VGK Marc-Andre Fleury’s traded and off to Chicago Blackhawks
By Jason R. Latham
It’s interesting to see Las Vegas go through all of the emotions that come with having a successful pro sports franchise, especially one that’s “Vegas Born.”
It happened first in the pre-pandemic days of 2020, when the Vegas Golden Knights sent Gerard Gallant packing two-and-a-half seasons into his tenure as the franchise’s first head coach. The outcry was loud but not sustained as the team went on to earn the top seed in the Western Conference, returning to the playoffs again in 2021 under new coach Peter DeBoer.
The response to Gallant’s ousting was nothing compared to Marc-Andre Fleury’s exit.
Vegas’ Hometown Hero Gets a Ticket Out of Town
The face of the franchise, a projected National Hockey League Hall of Famer, and defending Vezina Trophy winner, Fleury was traded to the Chicago Blackhawks in the early hours of July 27 in exchange for salary relief and one-time prospect Mikael Hakkarainen.
Vegas will enter the 2021-22 season with starting goaltender Robin Lehner, and VGK fans are getting their first real taste of what it’s like when a sports hero gets a ticket out of town.
This is the game. Players get traded in every offseason, and often, midseason. That it’s happening in Las Vegas, where the Golden Knights and their original expansion lineup have been vaulted into the annals of the town’s brief professional sports history, will likely make it one of the year’s Top 10 news stories.
It’s certainly the talk of the town right now.
Fleury’s Star Power Gave the Team Legitimacy
Fleury arrived in Vegas a three-time Stanley Cup winner having been left exposed by the Pittsburgh Penguins in the 2017 Expansion Draft — the Penguins front office preferred a younger starter in Matt Murray, now with the Ottawa Senators. His star power immediately gave the team legitimacy, despite now-hilarious takes that projected a last place finish for the fresh-faced franchise.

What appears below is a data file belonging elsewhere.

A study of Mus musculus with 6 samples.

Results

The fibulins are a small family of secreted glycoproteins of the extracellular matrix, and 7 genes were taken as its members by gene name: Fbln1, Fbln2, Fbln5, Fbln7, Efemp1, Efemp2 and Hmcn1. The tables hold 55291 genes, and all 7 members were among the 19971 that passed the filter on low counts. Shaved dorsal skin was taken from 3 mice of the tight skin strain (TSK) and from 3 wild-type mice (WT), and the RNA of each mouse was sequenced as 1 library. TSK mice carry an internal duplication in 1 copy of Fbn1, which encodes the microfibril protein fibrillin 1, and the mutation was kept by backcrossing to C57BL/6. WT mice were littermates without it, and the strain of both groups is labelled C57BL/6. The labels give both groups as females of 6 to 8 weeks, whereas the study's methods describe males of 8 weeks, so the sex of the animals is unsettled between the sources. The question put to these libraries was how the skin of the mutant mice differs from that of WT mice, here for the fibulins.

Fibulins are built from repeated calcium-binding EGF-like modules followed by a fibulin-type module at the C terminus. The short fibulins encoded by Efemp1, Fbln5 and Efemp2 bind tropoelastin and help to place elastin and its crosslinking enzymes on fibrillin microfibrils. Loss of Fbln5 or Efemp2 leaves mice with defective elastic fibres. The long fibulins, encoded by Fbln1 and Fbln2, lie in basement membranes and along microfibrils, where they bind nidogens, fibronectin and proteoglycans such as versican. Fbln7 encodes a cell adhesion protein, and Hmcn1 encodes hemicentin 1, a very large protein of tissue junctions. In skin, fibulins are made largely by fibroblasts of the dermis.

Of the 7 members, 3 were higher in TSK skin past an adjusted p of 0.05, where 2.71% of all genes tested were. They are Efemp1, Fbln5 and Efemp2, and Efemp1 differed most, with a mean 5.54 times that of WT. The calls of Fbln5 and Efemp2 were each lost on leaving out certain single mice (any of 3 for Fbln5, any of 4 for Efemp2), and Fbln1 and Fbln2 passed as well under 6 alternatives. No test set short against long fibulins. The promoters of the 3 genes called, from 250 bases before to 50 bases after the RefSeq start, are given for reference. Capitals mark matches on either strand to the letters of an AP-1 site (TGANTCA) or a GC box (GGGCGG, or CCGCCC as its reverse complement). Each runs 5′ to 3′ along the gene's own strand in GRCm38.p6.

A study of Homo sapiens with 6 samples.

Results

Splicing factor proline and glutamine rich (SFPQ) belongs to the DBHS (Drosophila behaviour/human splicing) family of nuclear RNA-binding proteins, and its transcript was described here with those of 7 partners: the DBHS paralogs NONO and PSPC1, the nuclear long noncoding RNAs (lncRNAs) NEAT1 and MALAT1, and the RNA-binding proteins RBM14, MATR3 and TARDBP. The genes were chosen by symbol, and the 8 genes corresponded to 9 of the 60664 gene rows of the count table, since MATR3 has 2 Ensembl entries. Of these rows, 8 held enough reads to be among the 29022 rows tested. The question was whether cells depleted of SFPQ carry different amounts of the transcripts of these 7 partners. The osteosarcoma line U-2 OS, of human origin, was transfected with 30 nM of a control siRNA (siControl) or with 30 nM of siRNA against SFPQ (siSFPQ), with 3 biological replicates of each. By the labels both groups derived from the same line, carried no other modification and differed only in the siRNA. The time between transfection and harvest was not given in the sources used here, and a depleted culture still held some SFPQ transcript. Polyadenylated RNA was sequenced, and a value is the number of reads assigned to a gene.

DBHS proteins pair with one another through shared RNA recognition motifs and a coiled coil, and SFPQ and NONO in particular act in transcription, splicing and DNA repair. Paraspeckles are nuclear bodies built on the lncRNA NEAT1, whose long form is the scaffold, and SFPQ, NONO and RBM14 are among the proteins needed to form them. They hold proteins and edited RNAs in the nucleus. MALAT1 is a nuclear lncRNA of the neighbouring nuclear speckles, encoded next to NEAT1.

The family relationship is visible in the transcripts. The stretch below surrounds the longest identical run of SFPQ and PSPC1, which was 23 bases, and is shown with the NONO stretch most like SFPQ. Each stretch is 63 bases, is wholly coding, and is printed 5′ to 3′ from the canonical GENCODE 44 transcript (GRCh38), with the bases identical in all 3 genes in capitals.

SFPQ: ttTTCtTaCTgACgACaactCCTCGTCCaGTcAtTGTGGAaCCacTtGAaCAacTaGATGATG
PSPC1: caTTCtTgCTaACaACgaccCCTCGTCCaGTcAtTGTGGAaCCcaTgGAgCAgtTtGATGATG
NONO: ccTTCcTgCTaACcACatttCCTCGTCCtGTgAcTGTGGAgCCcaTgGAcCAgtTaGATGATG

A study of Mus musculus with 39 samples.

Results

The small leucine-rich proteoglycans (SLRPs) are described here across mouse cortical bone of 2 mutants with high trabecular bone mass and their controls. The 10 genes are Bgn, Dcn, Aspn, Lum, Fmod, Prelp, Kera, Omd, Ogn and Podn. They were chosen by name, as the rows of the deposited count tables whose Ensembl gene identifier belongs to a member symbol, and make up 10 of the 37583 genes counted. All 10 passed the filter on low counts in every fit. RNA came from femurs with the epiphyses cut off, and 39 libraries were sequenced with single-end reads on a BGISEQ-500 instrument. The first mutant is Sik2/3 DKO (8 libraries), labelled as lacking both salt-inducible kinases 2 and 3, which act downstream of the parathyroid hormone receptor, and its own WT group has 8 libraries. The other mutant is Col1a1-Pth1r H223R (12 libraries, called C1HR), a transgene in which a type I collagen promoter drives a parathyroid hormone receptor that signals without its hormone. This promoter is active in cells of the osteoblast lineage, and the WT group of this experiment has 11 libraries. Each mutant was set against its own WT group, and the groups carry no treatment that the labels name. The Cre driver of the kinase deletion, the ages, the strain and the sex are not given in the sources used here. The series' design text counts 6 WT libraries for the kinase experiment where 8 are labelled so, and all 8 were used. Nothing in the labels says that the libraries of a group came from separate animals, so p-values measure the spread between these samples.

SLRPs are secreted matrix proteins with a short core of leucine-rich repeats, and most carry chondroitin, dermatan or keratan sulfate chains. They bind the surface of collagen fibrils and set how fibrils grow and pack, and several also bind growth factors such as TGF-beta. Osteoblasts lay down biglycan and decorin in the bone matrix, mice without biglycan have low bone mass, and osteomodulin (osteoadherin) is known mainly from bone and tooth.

In his first year, Fleury led the team to the Stanley Cup Finals, a feat unmatched in the modern NHL era. The Las Vegas fanbase immediately embraced the Quebec native for his coolness in front of the net, and for his near-superhuman saves, notably one that occurred in a 2019 game against the Toronto Maple Leafs. The image of a leaping Fleury making a glove save of a shot by Toronto’s Nic Petan is burned into the brains of Golden Knights fans and bolstered the team’s already-shiny image in NHL and team marketing campaigns.
The Golden Knights rewarded Fleury’s efforts early in his tenure, giving a three-year, $21 million contract extension to start the 2019-20 season. The Golden Knights never missed the playoffs with Fleury in net, and in the shortened 2020-2021 season, he finished 26-10 with a .928 save percentage. The team would fall to the Montreal Canadiens in the Stanley Cup Semifinals, but Fleury’s dominance earned him the William M. Jennings and the aforementioned Vezina trophies.
It was a fitting cap to Fleury’s career in Vegas, though had he finished his career here, especially if he led the team to a Stanley Cup victory, there likely would have been a statue of the man in Toshiba Plaza. It might even have been a statue of him making that save.
VGK Fans Grieve Fleury’s Exit
Now, as fans try to work through the five stages of grief, Fleury is off to Chicago and the Golden Knights are left to defend themselves from a public relations nightmare of their own creation. The team has already tripped itself up once when dealing with Fleury, when DeBoer handed Lehner the starting goalie gig in August 2020. Fleury’s agent, Allan Walsh, responded by posting a photo of his client with a sword in his back. The sword had DeBoer’s name on it.
Now the swords, daggers, bats, shovels, and any other melee weapon you can think of, are out for DeBoer and General Manager Kelly McCrimmon, and this fanbase – which is not used to disappointment – wants to bathe in their blood.
The Helsinki-born Hakkarainen, who has never played in the NHL and is so unknown he doesn’t even have a Wikipedia page, won’t be able to fill the gap left by the departure of the Golden Knights’ OG goaltender. McCrimmon has Lehner to start in goal, but fans will be waiting rather anxiously to see if the $7 million saved on the last season of Fleury’s contract will net them an impact player in trade or free agency. If that doesn’t happen, or if Lehner underperforms in his first full season as a Vegas starter, the (not exactly reasonable) voices currently calling for McCrimmon’s ouster will only get louder.
Surely, the general manager is aware of what’s on the line. This is the game. It’s just the first time Vegas has ever played.